Navajo Technical College Takes Internet to Hogans

Feb 15th, 2007 | By | Category: 18-3: Building Prosperity, Tribal College News
By Steve Grey

NTC STUDENTS MEASURE BANDWIDTH

MEASURING BANDWIDTH. Navajo Technical College students use equipment to read measurements off a laptop. Photo Credit: Navajo Technical College IT program

Navajo Technical College (NTC, Crownpoint, NM, formerly named the Crownpoint Institute of Technology) has partnered with Navajo Nation for the Internet to the Hogan Project. The project will ensure technology is an integral part of the Navajo community development in education, health care, public safety, and economics.

People who have never had access to a personal phone will be able to connect at high bandwidth speeds to the World Wide Web.

The first phase of the project is designed to build a major wireless pipe using 0C3 speeds and the Lambda Rail from downtown, urban Albuquerque, NM, to NTC. From Crownpoint, using backhaul technology and canopy technology, broadband connectivity is being built to 31 chapter houses.

The chapter houses serve as community centers for social, cultural, and political organization on the New Mexico side of the Navajo Nation. Canopy technology will allow connectivity to be radiated out from community centers to schools, medical clinics, hospitals, police departments, firehouses, and homes within a 15- to 30-mile radius of the chapter houses.

One part of the project was building an IBM blade cluster on the NTC campus. This cluster brings supercomputing capabilities to research and education projects at the college, moving it toward the forefront of research institutions of higher learning in New Mexico.

Tied into both the wireless connectivity and cluster effort is the construction of a supercomputing grid using a technology called Little Fe, which allows the inexpensive building of a cluster that can be located at a school or chapter house.

These Little Fes effectively make possible a distributed supercomputing grid that can allow research and education activities to take advantage of the enormous powers and speeds of supercomputers tied into a single grid architecture.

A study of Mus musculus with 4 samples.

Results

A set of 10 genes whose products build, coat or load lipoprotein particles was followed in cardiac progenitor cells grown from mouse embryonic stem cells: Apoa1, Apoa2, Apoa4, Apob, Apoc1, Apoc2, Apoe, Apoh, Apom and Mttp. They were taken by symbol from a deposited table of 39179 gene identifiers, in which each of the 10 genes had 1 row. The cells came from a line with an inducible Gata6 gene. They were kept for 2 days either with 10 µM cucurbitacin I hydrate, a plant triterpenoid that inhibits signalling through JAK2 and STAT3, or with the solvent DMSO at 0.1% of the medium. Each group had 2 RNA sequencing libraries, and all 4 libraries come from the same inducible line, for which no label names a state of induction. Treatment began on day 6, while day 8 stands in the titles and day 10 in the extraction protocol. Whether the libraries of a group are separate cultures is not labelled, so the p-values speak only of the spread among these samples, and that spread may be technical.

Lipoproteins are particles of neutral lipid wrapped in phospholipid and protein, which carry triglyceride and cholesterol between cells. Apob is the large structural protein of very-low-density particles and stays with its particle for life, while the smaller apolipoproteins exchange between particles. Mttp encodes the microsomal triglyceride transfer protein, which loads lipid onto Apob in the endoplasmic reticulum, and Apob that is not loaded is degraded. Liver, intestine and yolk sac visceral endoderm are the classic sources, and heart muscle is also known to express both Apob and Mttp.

The connectivity effort involves partnerships built with TeraGrid. High-performance networks will integrate high-performance computers, data resources and tools, and high-end experimental facilities around the country; the University of New Mexico’s high performance computing center; and national laboratories, scientists, and universities from around the world.

E-Learning programs will bring the excitement of advanced collaborative education models to the most remote communities in the United States. This E-Learning system (based upon open source software like Moodle) is especially useful for science, technology, engineering, and math education that teaches students how to collaborate over distance.

With this project, enterprises in remote education communities could compete in niche and national markets. This would allow Navajo people to become leaders in diverse fields ranging from arts and crafts to technological and scientific innovation.

The Internet to the Hogan project could create a real world model for eliminating the digital divide. It will also answer the last mile problem by providing broadband connectivity service for data, voice, and video to some of the most remote communities and households in the continental United States.

NTC and its Native staff are providing significant portions of the expertise needed to engineer and implement the project. Partners in the project include the San Diego Supercomputing Center, High Performance Wireless Research and Education Network at University of California San Diego, Computer Science and Engineering, Terra Grid Project, Department of Energy National Laboratories, and the Navajo Nation.